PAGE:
It is possible to understand life as the existence of a living being, and as the co-existence of all the living beings that obey the specific laws of nature. It is difficult to grasp how all the living beings can be different and simultaneously have something essential in common. History provides us with a good example of one way to explain this phenomena: how Saint Patrick explained God's unity and trinity by using the shamrock as a symbol. One excellent symbol to use when explaining the unity and diversity of life is a rainbow — each color of a rainbow can exist separately, but in the color spectrum, all the colors are organized in a special order and create a unity.
Explain to your audience that atoms, molecules at the chemical and biochemical levels, and cells at the biological level, are basic elements of all the living beings. The idea that all the Universe consists of small non-divided units like atoms was widespread among the thinkers of Antiquity. But the perspectives of the philosophers on the basic element differed. For example, Heraclitus supposed that the main element creating the Universe was fire, while Anaximander thought that it was apeiron. Titus Lucretius Carus composed a treatise called "On the Nature of Things" where he discussed the basic elements of the universe comprehensively.
Stress that all living beings are systems. This is the main principle of the unity of life. A system has a unity that is not equal to the sum of its parts. A striking example that can be used to explain the value of a system or wholeness, is the famous Indian "Gatha of Theri Subha" from "Tipitaka." In the story, a young libertine has fallen in love with a beautiful righteous woman and tries to seduce her by telling her that her beautiful eyes drive him mad. She plucks out her eye, demonstrating that outside the whole, a piece has no real value. All the biological organisms function like systems. Some of the elements in the systems are essential, others are valuable, but none of them functions outside the system.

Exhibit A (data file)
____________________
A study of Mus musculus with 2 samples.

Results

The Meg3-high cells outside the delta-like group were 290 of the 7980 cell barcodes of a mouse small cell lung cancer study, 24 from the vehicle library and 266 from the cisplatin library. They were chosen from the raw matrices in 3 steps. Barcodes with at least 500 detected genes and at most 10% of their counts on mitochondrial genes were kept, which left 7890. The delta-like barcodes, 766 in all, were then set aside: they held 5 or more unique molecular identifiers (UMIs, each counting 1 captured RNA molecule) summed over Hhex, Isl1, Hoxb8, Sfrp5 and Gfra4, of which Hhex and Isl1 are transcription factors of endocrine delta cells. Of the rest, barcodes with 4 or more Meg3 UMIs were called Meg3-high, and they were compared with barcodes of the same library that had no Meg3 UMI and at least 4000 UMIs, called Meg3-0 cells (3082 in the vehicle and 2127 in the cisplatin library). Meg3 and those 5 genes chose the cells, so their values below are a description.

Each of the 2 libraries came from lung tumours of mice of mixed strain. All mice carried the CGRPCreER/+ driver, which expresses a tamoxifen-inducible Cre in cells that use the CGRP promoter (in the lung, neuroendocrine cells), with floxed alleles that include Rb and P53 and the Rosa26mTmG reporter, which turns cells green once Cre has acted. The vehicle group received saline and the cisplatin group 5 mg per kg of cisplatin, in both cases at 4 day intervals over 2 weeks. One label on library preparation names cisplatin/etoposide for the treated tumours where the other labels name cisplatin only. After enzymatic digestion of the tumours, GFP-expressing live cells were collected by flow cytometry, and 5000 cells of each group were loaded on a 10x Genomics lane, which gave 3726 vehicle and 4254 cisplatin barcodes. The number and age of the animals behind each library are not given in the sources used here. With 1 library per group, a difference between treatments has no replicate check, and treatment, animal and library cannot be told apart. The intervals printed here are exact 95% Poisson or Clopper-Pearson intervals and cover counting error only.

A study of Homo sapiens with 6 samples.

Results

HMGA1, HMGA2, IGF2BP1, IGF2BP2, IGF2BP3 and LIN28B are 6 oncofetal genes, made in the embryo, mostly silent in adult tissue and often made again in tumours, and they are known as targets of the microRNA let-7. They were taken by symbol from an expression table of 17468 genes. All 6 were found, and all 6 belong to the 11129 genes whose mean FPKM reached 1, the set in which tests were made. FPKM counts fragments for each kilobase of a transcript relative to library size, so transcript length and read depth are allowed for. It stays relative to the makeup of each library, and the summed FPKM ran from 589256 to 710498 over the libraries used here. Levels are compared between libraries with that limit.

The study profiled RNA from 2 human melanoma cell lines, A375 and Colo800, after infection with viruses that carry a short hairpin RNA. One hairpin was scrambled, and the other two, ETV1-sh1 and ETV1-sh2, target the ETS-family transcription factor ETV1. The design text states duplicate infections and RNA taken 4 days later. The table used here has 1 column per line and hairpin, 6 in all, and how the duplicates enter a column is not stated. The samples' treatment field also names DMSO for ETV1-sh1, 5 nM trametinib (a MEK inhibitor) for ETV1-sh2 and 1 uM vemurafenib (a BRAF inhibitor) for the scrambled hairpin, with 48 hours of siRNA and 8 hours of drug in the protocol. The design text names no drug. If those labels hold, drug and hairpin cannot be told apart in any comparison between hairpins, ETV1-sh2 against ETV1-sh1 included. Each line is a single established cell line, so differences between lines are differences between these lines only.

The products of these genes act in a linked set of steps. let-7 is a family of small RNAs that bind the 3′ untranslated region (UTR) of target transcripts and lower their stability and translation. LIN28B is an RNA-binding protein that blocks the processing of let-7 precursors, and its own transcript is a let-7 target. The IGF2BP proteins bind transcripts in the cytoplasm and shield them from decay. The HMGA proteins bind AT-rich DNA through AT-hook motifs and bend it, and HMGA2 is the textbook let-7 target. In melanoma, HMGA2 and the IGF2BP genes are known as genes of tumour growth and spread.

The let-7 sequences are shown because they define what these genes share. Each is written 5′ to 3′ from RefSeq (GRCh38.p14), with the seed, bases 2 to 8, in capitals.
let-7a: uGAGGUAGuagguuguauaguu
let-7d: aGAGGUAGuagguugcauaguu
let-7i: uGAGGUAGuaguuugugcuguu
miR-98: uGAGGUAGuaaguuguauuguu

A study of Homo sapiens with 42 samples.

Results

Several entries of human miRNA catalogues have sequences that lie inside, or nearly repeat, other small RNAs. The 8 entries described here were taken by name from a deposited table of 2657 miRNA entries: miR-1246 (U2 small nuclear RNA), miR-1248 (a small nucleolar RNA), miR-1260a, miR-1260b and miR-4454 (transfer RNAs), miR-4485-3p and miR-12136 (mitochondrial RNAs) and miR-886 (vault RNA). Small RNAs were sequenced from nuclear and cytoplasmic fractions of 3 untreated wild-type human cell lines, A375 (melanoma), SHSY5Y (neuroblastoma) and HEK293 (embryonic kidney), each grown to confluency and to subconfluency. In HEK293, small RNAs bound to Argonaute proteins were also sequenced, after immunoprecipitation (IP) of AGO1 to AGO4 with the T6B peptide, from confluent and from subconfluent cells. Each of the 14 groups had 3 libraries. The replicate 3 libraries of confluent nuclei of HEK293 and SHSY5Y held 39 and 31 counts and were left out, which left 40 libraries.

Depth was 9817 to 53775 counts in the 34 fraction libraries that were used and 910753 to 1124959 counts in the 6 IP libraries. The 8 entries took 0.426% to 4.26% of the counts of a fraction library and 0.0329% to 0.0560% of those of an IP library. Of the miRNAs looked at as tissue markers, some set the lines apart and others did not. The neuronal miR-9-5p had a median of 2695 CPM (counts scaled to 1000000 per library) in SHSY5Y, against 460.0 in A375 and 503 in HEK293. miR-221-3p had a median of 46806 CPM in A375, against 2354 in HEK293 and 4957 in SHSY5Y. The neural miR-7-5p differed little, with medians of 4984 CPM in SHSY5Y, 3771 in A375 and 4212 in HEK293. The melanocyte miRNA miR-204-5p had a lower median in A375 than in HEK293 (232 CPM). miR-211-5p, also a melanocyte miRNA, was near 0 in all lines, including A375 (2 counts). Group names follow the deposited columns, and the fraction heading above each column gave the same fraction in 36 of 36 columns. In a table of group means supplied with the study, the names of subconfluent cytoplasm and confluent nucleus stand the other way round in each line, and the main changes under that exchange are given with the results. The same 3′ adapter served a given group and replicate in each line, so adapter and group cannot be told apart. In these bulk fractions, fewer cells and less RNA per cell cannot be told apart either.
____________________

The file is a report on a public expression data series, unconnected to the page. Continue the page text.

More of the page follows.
Emphasize that the diversity of life has its roots in different conditions under which different biological organisms evolve and exist. The appearance of separated twins may be a testimonial supporting this argument. People who are very close and similar according to their origin and nature grow up into different individuals if separated. Furthermore, embryos of multiple biological species are very similar, but the adult organisms differ, because diverse environments in which they live, modify them. Hence, diverse external conditions determine the diversity of life. Charles Darwin advocated this statement through all his scientific career. He provided his earliest sketch on life evolution and diversity in his "The Voyage of the Beagle" and the full version of his theory he presented in "The Origin of Species."
About the Author
Tatsiana Amosava has been writing professionally on culture, gender studies, education and philosophy since 2000. She also published her book "Linguistic Capital as a Source of Symbolic and Economic Profit." Amosava has Bachelor of Arts in sociology from Belarusian State University, a Master of Arts in regional studies from Moscow State University and a Master of Arts in Jewish history from University of Southampton.